Garth Rattray | The indomitable spirit of Erica Jones
Erica (not her real name) was born in Spanish Town, November 1968. Her father was a hard-working forklift operator, a farmer, and an excellent cook. Her mother was a dedicated housewife who took good care of her family. She also assisted her spouse in delivering produce. Erica was the fourth of seven children. During her formative years, the family resided in St Catherine. They moved to a more rural community, where Erica attended an all-age school. Erica became pregnant when she was only sixteen years old. Her daughter was raised by her parents. Her first born was unaware of Erica’s true relationship to her. She called her grandmother “Mommy” and called Erica “Auntie”. It wasn’t until later in life that her daughter came to realise that Erica was her biological mother.
Erica never allowed her circumstances and difficulties in life to get her down. She became the strong mother of four children, three girls and a boy. She showed tough love to her kids but was always there for them. Despite her hard life, she assisted her [adult] children in their times of need. Erica survived by selling from a stall in the market. She sold in the Spanish Town Market then relocated to the Linstead Market. One of her children recalled that whenever thugs came by and attempted to take what they wanted without paying, she would tell them that she had four kids to support and could not give her things away to anybody.
Day by day, Erica battled by working very hard. She purchased produce from the Coronation Market, the wharf, or directly from farmers then sold them from her stall in the market. She was frugal and saved diligently until she was able to purchase land in the Treadways community. She struggled to build a home with the assistance of Food For the Poor. Eventually, she completed the house. By this time, her children were fully grown. She lived with one of her grandchildren.
Erica never allowed herself the simple pleasures of life because she always dreamt of improving her situation. She needed a home with better amenities, and she knew that it was only through consistent, hard, and honest work that she would be able to achieve it. Her children shared her dream and wanted to assist her in making it a reality.
They planned to help her move from the rural area, and they wanted her to stop selling in the market by July of this year. After a lifetime of sacrifice, selfless generosity, and very hard work, she deserved to take things easy. But Erica wanted to continue selling occasionally... it was part of her life.
The family was concerned about the increasing violence in Jamaica. They knew that extortionists were operating within all marketplaces, cravenly preying on the poor and defenceless. But in order to survive, pay bills, and save towards a goal in life, their mom had to keep on working for the time being.
Saturday, May 13, found Erica in good spirits. Her youngest child, a son, had just turned 32 years old two days before. Two of her daughters resided abroad, and she was going to meet three of her grandchildren for the first time in a few months. Erica had something to look back on and forward to. She was proud of her children. They had taken on her attributes of honesty and hard work. She was enthusiastic about fulfilling her dreams. But while she was attending to her customers and in the company of her youngest daughter, there was a loud explosion.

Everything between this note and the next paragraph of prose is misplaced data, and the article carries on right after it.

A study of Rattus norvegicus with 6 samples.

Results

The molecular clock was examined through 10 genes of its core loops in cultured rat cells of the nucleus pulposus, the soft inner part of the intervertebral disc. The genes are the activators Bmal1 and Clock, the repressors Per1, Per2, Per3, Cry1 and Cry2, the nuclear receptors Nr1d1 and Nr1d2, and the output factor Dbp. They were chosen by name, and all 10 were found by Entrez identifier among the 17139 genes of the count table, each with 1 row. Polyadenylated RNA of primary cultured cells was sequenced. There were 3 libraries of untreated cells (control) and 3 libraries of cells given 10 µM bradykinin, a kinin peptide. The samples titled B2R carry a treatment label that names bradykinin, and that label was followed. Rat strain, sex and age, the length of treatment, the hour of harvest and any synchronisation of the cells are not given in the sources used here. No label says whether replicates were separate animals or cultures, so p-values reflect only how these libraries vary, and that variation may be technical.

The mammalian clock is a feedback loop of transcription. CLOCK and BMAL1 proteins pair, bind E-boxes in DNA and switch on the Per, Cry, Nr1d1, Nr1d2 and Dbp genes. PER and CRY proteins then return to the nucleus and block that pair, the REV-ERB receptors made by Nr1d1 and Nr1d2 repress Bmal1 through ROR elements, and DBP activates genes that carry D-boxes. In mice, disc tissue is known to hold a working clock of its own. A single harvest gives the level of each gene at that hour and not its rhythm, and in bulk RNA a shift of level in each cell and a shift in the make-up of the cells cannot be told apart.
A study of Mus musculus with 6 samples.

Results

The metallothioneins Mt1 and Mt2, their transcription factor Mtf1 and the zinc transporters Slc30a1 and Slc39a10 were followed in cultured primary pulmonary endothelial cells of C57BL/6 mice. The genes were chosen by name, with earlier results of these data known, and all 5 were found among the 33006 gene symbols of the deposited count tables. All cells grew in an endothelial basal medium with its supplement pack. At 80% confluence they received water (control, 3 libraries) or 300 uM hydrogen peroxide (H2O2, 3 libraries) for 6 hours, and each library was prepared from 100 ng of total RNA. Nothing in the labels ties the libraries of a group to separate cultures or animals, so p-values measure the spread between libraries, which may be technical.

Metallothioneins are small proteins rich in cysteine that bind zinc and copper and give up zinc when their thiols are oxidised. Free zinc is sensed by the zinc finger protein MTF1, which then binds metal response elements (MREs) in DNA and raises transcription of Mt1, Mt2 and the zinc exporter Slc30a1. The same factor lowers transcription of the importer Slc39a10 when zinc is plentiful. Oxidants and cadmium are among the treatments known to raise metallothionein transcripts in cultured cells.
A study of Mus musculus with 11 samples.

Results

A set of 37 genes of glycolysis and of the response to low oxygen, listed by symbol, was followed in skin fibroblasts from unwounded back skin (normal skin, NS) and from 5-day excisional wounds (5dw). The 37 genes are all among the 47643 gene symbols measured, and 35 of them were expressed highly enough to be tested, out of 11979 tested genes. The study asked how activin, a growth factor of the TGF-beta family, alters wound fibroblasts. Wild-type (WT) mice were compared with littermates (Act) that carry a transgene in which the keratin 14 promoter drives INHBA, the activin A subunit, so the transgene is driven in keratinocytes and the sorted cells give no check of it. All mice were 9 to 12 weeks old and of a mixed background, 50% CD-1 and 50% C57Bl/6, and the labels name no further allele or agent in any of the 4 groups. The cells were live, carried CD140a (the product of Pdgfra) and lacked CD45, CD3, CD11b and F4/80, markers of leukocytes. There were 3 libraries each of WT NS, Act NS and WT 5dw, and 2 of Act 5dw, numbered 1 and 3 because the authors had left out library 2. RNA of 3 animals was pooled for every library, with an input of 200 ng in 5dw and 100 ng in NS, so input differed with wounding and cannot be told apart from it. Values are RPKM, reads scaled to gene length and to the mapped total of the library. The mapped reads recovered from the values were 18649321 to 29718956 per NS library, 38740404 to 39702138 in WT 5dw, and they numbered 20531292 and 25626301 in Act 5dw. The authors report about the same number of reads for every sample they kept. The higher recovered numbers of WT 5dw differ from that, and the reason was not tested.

Everyone scattered as Erica’s lifeless body fell to the ground only a metre or so from her terrified daughter. Heinous extortionists had sneaked up on Erica and shot her in the head … killing her. They ended the life of this brave, honest, kind, and diligent lady. They ended her dreams. They ended her opportunity to relax and enjoy the fruits of her life’s hard labour. They ended the joy in the entire family. They ended any little faith, hope, and expectation that the Government could protect its citizens. They destroyed any love that anyone familiar with Erica had for Jamaica. They perpetrated a tragedy of epic proportions.
Now, her family lives in a surreal, interminable nightmare. Erica’s father passed in 2007, and her mother still can’t come to the realisation that her grandchildren must find a way to bury her daughter. Erica’s children will never forget that macabre, horrendous, earth-shattering event. The tears, the screams, the wailing, the emptiness, and the deep piercing emotional pain are endless.
Was Erica just another statistic, another innocent, poor, hard-working, smaddy that dem kill? Was she the embodiment of struggling, vulnerable, but indomitable citizens being slaughtered with impunity by criminal elements? Will Erica die in vain? You decide.
Don’t wait until things get real for you. Anyone can be next. We must all play our part to prevent crime and agitate for urgent and sustainable social reform. Reprobate criminals destroyed Erica’s body, but her indomitable spirit lives on in her children and grandchildren. Her life will serve as a legacy for generations to come.
Her daughter overseas remarked, “I don’t want to live back in Jamaica … it’s too much! I hope that relatives there will take themselves away. They are living on the edge. What’s gonna come next?”